Real Estate Listings: False Advertising
I started to write a blog post about all the different ways real estate brokers and agents can get in serious trouble due to advertising, fair housing, and many other laws. These are things that you probably will never think about when looking at real estate, but they terrify those of us in the industry.
I compiled such a long list of topics that I decided it be best to break it into several future posts. Other than banking and financial services, I cannot think of another industry that is hamstrung with so many legal hoops to jump through than real estate. When you sit through real estate classes, they will scare you, but in real life – these scenarios can cause you to lose sleep. It is important for you to hear the other side of the equation, because unless you are in the real estate business yourself, then you have no idea how many rules and regulations we must abide by that effect the way we advertise and market your property.
I will not interpret any of these laws for you, because that would be practicing law without a law license…
So read away if you are interested:
I am not naive.
I was simply born, raised, and live in a rural community where people trust and rely on others’ opinions, and we like to think no one would intentionally misrepresent facts. And those who do, will not pass our BS meter. We tend to give people the benefit of the doubt until they prove otherwise. And for those of use that want to ‘do the right thing’ and work hard for their clients, we will not run the risk of losing our business, livelihoods, and well, everything…
How These Laws Effect Your Listing or Representation
- SQUARE FOOTAGE OF A HOME/BUILDING, LOT SIZE, OR ACREAGE
We pull this information straight from the CAD; but yes, they can be incorrect in certain instances. We are all human, we make errors, but this is the most reliable source. In some rare instances, we might use a third-party appraisal finding for the listing. ONLY if the appraiser physically measured the improvement or land, and you have that appraiser’s written permission to utilize his findings for public advertising, would I ever consider deviating from the CAD. Under no circumstances would I ever physically measure any of these myself, and use that as facts for the listing.
- AGE OF HOME OR OTHER IMPORVEMENT (STRUCTURES)
Same thing applies here as with the above. When the home, patio, barn, etc. was built gets pulled straight from the CAD. If the Seller has documentation to prove otherwise, then we can use what the seller provides.
- CONDITION OF THE PROPERTY
Opinions on physical characteristics of the property such as condition of fencing, a water well, a roof, an air conditioning unit, or foundation will be kept to myself. We (you) should rely on experts in their field to give you their assessment.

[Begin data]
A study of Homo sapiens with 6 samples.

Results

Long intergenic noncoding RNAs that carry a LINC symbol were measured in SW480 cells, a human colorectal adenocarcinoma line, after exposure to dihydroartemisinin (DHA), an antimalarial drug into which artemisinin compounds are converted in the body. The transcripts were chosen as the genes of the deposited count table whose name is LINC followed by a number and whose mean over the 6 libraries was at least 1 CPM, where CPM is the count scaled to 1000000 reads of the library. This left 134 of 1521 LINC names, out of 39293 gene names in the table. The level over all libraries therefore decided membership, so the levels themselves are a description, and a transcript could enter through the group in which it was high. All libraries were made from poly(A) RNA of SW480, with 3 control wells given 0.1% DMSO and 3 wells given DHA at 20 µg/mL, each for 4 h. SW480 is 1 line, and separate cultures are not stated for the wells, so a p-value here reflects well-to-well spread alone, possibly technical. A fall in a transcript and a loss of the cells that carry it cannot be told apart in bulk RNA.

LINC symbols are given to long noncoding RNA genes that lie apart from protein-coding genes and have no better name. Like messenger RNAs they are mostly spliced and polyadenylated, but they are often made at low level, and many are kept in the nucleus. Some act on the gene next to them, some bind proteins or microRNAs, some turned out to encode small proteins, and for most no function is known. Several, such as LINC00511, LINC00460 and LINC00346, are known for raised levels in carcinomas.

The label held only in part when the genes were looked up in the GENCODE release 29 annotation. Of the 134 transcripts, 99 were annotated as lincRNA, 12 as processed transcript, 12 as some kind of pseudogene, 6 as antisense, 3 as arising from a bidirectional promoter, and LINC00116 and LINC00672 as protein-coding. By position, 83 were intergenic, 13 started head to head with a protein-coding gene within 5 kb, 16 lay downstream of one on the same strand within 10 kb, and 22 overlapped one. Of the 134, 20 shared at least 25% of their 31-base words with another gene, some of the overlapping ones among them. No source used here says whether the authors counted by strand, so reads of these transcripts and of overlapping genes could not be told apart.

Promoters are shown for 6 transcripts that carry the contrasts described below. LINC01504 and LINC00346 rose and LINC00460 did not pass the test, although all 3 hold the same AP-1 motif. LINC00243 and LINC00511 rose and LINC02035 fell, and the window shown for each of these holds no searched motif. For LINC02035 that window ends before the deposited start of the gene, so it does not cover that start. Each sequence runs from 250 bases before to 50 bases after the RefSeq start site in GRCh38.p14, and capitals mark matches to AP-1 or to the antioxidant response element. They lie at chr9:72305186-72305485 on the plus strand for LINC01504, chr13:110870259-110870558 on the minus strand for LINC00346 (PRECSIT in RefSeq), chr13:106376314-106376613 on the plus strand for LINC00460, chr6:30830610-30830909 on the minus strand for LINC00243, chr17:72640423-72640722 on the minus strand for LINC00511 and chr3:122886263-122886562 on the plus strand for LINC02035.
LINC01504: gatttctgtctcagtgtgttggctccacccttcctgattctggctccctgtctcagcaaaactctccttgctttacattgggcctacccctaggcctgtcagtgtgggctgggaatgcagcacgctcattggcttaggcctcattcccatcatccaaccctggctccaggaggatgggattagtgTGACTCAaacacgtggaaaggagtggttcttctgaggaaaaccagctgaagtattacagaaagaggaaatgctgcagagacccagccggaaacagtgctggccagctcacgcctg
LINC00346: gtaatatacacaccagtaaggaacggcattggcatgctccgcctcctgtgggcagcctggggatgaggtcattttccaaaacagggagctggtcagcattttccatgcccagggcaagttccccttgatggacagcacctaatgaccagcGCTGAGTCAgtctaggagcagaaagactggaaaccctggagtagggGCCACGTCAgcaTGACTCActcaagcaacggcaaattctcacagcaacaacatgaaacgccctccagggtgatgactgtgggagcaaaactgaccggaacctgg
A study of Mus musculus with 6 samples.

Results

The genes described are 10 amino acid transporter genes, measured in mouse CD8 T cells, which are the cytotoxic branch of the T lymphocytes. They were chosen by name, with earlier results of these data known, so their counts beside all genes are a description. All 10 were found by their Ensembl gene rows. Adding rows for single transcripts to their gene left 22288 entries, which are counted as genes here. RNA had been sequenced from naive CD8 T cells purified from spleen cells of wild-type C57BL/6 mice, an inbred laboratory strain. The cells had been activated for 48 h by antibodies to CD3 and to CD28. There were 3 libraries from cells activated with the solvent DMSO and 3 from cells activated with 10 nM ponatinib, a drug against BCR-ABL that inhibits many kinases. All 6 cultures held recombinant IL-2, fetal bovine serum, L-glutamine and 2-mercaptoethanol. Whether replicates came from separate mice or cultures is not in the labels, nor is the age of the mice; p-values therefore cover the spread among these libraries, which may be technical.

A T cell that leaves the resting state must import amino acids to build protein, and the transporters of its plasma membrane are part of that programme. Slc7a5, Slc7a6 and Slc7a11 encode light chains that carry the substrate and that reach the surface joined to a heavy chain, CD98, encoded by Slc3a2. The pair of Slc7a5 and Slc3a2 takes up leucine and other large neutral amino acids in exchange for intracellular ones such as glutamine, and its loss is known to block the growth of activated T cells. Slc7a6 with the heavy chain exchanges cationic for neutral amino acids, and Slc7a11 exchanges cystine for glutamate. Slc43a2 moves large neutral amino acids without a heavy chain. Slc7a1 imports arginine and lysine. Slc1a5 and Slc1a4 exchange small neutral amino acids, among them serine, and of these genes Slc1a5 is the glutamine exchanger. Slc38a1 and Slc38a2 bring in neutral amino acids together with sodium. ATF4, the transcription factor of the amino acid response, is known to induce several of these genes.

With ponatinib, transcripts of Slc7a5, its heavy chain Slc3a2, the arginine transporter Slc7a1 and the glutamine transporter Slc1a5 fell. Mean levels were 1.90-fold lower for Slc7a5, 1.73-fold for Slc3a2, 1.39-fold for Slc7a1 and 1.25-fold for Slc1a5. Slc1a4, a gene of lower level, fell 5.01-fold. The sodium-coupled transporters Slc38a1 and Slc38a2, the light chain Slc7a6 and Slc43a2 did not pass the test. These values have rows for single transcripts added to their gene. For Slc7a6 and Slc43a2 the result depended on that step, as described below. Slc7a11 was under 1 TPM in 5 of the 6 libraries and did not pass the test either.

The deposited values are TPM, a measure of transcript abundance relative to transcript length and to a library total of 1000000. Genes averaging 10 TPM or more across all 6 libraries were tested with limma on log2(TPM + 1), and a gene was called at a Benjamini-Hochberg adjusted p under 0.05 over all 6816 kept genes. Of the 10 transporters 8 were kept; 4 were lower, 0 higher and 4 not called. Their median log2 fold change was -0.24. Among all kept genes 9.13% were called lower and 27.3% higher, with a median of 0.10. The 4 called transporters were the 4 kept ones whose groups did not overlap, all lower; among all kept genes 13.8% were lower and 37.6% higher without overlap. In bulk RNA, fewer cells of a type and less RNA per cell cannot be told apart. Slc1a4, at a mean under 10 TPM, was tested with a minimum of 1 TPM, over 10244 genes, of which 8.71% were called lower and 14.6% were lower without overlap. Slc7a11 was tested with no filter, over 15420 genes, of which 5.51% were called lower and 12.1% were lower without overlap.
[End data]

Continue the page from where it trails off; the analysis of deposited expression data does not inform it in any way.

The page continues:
- POSTING THE INFORMATION ONLINE
It is required by law that we clearly sate who the broker is, who the agent it, the name of our brokerage, what state we live in. Cori, why do you always type “Cori Radley – Broker/Owner, Cori Radley & Co., LLC, Texas” …We know it’s you! We are on the WWW and if I do not add this language to the bottom of every Facebook, Instagram, LinkedIn, YouTube post when I am trying to “sell” you something – then I can get into trouble. It is considered an “advertisement,” and I must properly identify myself.
I am not saying these laws or regulations do not pertain to rural areas, that we are in anyway exempt. I am just pointing out that our level of trust in others might be a tad different than other areas of the State, Country, and World.
So, What Does This Mean For Buyers and Sellers?
In a nutshell – you sign more disclosures or your listing might lack certain details you would think should be included.
READ THOSE DISCLOSURES. ASK YOU REAL ESTATE PROFESSIONAL why your listing has or is missing certain details. A lot of this comes second nature to us, and sometimes we forget to pass the details along to Buyers and Sellers. If you have a question about it – JUST ASK.
There are instances where people have been downright fraudulent and have intentionally broken the laws by being deceptive. I am not downplaying that reality. It happens, and it makes me sick to hear of someone being treated in this manner. However, it is those of us who are in real estate that merely want to sell a property the best we can and work as hard as we can for our clients so they don’t ever have to experience this.
If you think you have been the victim of fraud, then follow the links above to the Texas Attorney General’s Office and Federal Trade Commission. They have the steps you need to take in order to file and actual complaint.